In these days after WWII, England is no longer the place the young men left when they went away to fight. The mining industry has been nationalized, and even Comerford's old slapdash efforts at opening up its shallow coal deposits are about to be reopened, with a flood of new faces coming in to operate the new machinery. The men who went away, of course, aren't those who came back: Jim Tugg, the hired man at the Hollins farm, with daring exploits as a paratrooper; Chad Wedderburn, the pacifist classics master who spent years in guerilla fighting; even Charles Blunden, son of Selwyn Blunden of Harrow, fought all the way across North Africa and Sicily.
Expatriates from all over Europe are common enough, even ex-POWs who still slip and say 'Heil Hitler!' if they forget. (And get beaten up, maybe, by somebody whose brother died in a Stalag.) Helmut Schauffler, though, has been asking to be murdered by going far beyond that.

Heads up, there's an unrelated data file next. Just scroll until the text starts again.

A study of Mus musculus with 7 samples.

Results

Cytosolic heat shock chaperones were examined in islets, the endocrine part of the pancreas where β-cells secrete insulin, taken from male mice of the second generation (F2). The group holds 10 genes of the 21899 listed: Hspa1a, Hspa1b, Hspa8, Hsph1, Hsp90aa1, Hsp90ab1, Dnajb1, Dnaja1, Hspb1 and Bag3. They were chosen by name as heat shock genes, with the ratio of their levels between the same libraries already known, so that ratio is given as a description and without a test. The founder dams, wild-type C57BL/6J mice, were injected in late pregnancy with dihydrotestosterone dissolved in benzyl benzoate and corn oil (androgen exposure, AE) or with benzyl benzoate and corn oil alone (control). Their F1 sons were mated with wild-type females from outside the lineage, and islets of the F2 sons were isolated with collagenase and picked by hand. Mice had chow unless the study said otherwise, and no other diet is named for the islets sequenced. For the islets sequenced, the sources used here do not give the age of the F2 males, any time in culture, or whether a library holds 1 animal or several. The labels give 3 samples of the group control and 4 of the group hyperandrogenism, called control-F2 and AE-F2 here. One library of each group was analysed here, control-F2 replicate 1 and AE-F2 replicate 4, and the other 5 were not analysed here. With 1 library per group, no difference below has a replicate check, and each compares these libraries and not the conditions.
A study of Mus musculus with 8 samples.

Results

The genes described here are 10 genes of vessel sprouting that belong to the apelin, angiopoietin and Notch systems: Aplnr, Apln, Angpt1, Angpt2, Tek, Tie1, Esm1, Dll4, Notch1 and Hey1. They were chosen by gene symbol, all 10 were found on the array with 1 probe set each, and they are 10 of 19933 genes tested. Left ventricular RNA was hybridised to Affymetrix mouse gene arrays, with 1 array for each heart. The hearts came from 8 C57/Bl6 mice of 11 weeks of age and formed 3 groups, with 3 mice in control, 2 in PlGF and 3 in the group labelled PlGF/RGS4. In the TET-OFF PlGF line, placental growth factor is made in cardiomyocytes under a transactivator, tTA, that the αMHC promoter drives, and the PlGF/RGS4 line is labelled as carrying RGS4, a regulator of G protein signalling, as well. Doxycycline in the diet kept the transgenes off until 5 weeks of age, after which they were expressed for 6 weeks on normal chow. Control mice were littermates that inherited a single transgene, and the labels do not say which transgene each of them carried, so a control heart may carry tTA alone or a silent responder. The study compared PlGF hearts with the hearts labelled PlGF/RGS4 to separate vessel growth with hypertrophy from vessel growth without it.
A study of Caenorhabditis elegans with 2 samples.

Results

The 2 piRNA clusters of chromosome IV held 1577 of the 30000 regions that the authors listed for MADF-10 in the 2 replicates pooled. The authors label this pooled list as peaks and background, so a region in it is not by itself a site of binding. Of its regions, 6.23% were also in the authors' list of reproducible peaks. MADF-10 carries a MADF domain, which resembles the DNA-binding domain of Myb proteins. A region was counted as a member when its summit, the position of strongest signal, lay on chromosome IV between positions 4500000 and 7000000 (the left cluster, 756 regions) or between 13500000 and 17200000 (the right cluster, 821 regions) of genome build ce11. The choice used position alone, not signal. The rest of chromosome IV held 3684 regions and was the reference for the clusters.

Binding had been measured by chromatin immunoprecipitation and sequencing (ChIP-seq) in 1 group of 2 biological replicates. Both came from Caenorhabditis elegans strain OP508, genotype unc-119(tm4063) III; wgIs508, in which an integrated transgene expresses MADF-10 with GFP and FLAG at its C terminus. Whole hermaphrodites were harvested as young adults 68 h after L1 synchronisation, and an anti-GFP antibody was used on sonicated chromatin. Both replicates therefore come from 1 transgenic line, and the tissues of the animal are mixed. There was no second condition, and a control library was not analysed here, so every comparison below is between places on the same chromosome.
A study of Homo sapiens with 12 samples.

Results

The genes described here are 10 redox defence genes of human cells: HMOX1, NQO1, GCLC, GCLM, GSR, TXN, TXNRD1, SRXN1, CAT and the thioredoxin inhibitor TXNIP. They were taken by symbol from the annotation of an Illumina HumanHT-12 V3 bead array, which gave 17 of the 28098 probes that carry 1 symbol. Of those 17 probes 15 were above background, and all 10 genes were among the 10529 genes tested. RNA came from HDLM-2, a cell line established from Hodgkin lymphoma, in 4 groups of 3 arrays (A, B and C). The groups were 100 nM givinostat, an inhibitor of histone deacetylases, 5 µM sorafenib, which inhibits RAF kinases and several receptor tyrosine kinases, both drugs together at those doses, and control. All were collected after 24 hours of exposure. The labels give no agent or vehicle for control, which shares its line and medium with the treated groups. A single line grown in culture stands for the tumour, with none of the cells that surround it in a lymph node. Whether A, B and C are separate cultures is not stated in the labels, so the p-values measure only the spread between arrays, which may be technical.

Gerd Hollins had lost her entire family in the concentration camps. Haunted by memories of horror that won't stay suppressed, she asked her husband to hire Helmut, because if she could learn to see one German as a human being, it would help her to let go of her nightmares. Unfortunately, Helmut is a creep - an actual Nazi who enjoys psychological torment (though he's not stupid enough to try it in front of her husband or hired man). When he's fired and takes a job at the quarry, he still harasses her in a slimy way, while causing discord everywhere else he goes.
Sergeant Felse isn't surprised when Helmut finally turns up floating in the brook, head bashed in, although he's less than thrilled that his 13-year-old son Dominic found the corpse. Despite George's best efforts, Dominic gets interested in the case, especially since his classics master is a suspect.